Bitcoiner Pays $3.1 Million Transaction Fee; Analysts Debate Possible Factors

David Pokima
Last updated: | 2 min read
Source: Pixabay / Michael Wuensch

A Bitcoin (BTC) user has reportedly paid $3.1 million in transaction fees to transfer 139.42 BTC sparking vast community reactions and opinions by on-chain analysts.

On-chain data on Nov 23 shows a Bitcoiner paid a shocking transfer fee of 83 BTC approximately $3.1 million, a figure widely regarded as one of the highest since the advent of cryptocurrencies.

The transfer fee consumed over 50% of the total transaction value as the recipient wallet shows it received only 55.77 BTC. Many around crypto circles have pointed at human error to be a likely cause of the incidents.

Several on-chain developers have scrutinised the replace-by-fee (RBF) policy which allows users to replace unconfirmed transactions in the mempool with another transaction that pays more to be cleared faster.

Data shows that the last RBF replacement increased the transaction fee by 12.5 BTC, adding 20% to the already high figure.

Crypto developer, Mononaut argued on X (formerly Twitter) that the user may not have known that RBF orders cannot be cancelled in its policy and maybe had the expectations to do so.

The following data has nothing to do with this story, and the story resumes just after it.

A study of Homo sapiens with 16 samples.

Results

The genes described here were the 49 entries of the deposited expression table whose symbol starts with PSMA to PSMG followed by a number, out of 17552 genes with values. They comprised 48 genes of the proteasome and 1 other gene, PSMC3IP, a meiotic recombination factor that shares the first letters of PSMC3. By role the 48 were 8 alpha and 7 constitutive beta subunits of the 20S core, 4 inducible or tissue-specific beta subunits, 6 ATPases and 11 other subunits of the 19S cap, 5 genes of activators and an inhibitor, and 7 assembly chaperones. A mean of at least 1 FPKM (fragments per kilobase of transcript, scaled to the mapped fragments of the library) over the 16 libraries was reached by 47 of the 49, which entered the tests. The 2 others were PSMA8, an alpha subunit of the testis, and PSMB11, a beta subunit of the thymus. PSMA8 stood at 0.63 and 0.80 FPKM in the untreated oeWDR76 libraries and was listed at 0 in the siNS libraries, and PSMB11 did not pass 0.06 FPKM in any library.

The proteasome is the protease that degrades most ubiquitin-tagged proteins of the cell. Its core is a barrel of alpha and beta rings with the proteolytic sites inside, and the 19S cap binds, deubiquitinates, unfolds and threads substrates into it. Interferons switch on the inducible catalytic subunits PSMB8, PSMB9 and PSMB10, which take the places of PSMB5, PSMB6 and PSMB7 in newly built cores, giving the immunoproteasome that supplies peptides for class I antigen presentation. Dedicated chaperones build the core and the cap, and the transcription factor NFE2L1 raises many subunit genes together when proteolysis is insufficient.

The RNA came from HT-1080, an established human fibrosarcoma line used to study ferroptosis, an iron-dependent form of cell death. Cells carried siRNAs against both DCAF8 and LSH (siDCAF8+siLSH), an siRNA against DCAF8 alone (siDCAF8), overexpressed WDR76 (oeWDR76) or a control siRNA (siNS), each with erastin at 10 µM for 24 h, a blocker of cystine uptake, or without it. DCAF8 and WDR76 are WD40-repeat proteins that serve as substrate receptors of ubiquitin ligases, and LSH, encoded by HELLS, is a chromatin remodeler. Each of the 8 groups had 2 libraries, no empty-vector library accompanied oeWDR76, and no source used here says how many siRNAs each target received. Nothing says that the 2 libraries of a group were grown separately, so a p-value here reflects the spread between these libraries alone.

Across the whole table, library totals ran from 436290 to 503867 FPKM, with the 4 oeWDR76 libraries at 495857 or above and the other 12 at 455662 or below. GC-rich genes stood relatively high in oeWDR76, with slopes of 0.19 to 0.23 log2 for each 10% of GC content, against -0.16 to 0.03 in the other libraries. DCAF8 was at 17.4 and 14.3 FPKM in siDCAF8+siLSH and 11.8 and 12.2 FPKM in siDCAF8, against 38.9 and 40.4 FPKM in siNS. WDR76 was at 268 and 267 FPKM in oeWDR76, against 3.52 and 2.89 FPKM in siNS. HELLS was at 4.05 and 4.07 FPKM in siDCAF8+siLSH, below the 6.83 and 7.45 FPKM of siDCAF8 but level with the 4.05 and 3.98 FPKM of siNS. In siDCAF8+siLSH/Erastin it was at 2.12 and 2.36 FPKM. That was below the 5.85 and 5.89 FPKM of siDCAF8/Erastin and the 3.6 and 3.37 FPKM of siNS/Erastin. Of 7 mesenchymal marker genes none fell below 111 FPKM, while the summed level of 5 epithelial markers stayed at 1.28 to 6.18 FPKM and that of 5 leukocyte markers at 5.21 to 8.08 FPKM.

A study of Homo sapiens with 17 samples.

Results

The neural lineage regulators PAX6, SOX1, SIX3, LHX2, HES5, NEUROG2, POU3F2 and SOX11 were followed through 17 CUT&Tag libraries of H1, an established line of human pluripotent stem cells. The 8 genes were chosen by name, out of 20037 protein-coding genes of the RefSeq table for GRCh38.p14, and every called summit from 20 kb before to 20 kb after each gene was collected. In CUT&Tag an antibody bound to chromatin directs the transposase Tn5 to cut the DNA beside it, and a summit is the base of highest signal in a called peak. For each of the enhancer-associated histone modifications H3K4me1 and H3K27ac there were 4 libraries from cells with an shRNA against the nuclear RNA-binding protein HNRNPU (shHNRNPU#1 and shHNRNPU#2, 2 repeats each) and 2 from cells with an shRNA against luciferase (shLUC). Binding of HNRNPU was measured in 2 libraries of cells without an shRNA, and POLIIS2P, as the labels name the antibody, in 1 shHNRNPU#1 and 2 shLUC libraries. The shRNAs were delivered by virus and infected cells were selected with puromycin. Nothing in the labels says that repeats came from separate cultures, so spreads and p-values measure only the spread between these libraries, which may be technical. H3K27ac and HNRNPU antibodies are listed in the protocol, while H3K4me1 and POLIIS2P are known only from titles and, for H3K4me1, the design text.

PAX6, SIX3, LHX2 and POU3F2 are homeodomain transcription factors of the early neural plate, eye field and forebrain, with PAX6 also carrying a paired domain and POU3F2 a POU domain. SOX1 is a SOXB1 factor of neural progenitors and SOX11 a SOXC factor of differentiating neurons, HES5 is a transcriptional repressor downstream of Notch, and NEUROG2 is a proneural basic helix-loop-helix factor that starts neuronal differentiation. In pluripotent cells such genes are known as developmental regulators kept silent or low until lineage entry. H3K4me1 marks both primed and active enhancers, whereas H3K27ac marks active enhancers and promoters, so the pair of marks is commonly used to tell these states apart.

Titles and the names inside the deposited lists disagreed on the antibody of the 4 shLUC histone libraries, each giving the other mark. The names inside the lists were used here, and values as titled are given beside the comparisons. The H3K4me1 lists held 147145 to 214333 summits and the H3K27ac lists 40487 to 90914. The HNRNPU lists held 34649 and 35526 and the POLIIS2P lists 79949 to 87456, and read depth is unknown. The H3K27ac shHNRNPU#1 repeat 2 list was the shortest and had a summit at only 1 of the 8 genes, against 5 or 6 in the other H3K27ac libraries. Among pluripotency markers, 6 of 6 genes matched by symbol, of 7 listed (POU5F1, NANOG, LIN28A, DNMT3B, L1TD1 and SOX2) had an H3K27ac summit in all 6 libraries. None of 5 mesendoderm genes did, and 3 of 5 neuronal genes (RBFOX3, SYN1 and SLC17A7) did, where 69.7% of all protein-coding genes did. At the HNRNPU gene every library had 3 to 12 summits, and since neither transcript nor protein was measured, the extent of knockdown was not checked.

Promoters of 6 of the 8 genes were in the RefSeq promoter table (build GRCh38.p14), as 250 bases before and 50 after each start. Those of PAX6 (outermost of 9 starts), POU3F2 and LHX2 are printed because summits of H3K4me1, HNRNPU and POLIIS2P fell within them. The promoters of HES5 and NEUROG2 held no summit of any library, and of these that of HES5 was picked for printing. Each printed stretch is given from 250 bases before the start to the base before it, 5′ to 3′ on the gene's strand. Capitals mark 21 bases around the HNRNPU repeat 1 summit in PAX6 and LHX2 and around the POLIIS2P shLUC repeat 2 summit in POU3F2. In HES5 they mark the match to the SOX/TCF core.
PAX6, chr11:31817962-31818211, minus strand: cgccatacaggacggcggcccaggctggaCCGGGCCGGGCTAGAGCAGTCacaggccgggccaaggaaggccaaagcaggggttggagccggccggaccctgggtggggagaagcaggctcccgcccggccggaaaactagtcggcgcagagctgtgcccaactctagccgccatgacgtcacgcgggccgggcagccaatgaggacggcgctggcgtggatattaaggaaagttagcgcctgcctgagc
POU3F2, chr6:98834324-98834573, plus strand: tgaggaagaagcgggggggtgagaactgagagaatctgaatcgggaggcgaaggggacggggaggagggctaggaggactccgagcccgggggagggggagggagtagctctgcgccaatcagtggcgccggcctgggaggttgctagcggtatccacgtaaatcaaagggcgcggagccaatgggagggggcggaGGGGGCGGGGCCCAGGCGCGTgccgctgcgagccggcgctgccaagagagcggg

Antpool mining gets reward


Antpool got the mining reward for the transaction after the completion of 818087. It was also revealed that the account was created a few minutes before the transfer.

The mining pool which is owned by Bitmain has not made an official statement on the situation. Lately, Antpool and Foundry USA have mined the majority of Bitcoin blocks.

This is not the first time a mining pool has recorded such high transaction fees however this is the largest amount paid if converted. A transaction fee of 291 BTC in 2016 stands as the highest recorded.

In September, Paxos paid a $500,000 transfer fee to move $2000 worth of assets. The company immediately released a statement confirming the payment adding that all user funds were safe and clarified that PayPal was not responsible as speculated by some users.

Days later, on-chain data shows that the amount was refunded to the blockchain infrastructure firm after the mistake l. Although the decision was reached by F2Pool, the Bitcoin miner asked the community what they would have done in his shoes and many jokingly suggested distributing the money to all users.

Assets have been lost through mistakes in the past but in most cases, the mining pool helps the user recover the funds. In 2019, Sparkpool, an Ethereum mining pool, assisted a user in getting back 50% of funds lost due to a $400,000 transaction fee.